The Texas Constitution limits the use of eminent domain by requiring adequate compensation for the land on which eminent domain is used. While considered a necessary tool of government, it is argued that the exercise of this power has been expanded and abused. Texans continue to struggle with an unbalanced set of laws at odds with a state known for private-property rights.
What does this mean for the real estate industry?
Private-property rights are threatened whenever the government uses eminent domain. Property owners should be treated fairly and protected from abusive eminent-domain practices.
The Texas REALTOR® position
Our association understands the need for legitimate property condemnations; however, landowners should be justly and timely compensated. As the leading advocates for private-property rights, Texas REALTORS® are uniquely positioned to ensure fair treatment of property owners.
Significant improvements can be made to enhance protections on private-property rights for Texans.
The Texas REALTORS® supports legislation that:
- Requires pipeline and electric utility easement agreements to include a list of basic terms to protect the landowner during construction and future use of the easement, and requiring these companies to use a standard document provided by the Attorney General that includes these terms.
- Provides landowners with information about the project seeking their land and about their rights by requiring a public meeting in each county where affected landowners can ask questions about the project and the company’s eminent domain authority—as is required for public entities with eminent domain authority—and requiring the landowners to be informed of their rights and how the company will calculate fair compensation.
- Protects the landowner’s right to receive a bona fide offer by ensuring a landowner receives an initial offer of fair compensation and information necessary to evaluate whether the initial offer is truly a bona fide offer, and requiring a bad actor that negotiates in bad faith to make an additional “penalty” payment to the property owner.
In 2017, lawmakers debated several eminent domain reform bills. We expect to see legislation filed this session related to many of the unresolved issues, including constitutional issues of who should have the burden of proof, what kind of entities have condemnation authority, and the definition of public use.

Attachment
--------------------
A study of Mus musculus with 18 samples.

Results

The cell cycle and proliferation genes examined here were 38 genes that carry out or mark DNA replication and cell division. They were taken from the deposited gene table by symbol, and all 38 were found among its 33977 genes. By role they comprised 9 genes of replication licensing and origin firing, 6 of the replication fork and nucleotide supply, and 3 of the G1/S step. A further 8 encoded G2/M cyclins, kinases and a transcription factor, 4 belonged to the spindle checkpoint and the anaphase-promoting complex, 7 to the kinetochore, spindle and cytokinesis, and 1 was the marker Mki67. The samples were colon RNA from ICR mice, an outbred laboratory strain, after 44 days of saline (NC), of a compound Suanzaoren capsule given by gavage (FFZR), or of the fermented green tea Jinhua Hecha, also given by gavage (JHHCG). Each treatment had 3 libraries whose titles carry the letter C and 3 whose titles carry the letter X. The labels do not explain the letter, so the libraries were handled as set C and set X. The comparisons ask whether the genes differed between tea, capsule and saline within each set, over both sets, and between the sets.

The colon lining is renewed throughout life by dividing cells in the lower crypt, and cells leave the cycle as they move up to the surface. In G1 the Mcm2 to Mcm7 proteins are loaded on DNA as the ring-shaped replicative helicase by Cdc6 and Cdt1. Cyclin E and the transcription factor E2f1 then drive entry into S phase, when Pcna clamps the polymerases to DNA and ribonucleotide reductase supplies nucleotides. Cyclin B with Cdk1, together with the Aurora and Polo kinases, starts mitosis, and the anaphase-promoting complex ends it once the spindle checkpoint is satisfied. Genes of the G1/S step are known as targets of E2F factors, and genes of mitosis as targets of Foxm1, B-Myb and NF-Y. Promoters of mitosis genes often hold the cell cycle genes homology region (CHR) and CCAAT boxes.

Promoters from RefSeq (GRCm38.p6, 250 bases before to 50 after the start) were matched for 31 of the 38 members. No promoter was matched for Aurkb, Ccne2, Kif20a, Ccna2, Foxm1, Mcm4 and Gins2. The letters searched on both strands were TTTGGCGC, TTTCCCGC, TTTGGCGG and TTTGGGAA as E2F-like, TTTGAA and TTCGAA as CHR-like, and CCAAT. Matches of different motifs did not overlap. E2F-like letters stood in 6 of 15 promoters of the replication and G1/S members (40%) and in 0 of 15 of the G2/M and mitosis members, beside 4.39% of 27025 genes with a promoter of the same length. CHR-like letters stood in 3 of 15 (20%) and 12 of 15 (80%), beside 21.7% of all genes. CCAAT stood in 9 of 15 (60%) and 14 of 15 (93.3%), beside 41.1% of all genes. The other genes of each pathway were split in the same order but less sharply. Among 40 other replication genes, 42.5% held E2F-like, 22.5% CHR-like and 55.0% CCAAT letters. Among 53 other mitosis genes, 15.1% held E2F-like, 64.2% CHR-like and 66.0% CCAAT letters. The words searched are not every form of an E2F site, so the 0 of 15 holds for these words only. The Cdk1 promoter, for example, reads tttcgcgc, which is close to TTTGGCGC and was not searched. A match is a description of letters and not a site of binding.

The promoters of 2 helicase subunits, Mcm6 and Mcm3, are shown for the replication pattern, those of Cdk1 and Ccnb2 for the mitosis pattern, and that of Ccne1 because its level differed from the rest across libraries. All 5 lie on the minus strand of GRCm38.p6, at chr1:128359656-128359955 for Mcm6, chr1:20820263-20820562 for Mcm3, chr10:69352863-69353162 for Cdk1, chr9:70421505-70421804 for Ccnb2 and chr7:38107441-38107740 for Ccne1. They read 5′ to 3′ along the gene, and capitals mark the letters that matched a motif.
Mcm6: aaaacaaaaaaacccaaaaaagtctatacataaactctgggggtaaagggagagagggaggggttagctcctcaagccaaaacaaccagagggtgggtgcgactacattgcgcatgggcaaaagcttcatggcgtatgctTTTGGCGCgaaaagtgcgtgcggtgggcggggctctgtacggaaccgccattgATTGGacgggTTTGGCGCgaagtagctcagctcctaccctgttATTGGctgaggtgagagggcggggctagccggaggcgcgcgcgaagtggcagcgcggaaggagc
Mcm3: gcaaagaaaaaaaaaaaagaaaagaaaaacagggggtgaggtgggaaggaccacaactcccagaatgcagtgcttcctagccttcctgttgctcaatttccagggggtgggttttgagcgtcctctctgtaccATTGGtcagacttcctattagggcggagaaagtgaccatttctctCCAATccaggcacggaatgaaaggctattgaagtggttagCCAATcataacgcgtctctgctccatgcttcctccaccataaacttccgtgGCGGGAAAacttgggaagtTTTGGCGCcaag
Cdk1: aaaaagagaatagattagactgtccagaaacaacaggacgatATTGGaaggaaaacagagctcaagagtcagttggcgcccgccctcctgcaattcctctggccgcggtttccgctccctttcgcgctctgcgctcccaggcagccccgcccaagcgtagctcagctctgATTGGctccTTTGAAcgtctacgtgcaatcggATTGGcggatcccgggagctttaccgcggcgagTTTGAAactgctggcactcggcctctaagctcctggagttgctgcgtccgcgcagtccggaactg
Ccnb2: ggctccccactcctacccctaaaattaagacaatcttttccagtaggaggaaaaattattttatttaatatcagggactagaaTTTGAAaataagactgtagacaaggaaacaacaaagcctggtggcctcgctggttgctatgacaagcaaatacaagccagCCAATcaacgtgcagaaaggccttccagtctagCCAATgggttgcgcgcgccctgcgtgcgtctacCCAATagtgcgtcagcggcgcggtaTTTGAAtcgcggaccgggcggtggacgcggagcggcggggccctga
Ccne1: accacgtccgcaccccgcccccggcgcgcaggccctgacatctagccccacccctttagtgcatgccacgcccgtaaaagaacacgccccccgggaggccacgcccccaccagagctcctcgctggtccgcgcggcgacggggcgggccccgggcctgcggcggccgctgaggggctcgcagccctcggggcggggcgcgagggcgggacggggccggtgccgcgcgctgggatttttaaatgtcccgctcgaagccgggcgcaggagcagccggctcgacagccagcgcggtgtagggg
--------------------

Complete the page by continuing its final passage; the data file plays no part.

In 2005, during the 79th Legislature’s second called session, lawmakers passed SB 7 prohibiting entities with the authority to use eminent domain from condemning private property for economic purposes.
In November 2009, Texans took the first step toward strengthening private-property rights against abusive eminent domain by passing Proposition 11 with an overwhelming 81% of the vote.
Eminent domain was one of Gov. Perry’s emergency legislative items for the 82nd Texas Legislature in 2011. SB 18, which strengthened property owners’ rights in eminent-domain takings, passed and was signed into law. The law limits the purposes for which a property may be condemned and specifies that taken property must be made available for resale to the original owner if it’s not used for its intended purpose after 10 years.
In 2013, during the 83rd Texas legislative session, the Texas Open Beaches Act (HB 3459) granted the public the free and unrestricted right to access state-owned beaches and a right to use any public beach or larger area extending from the line of mean low tide to the line of vegetation bordering the Gulf of Mexico.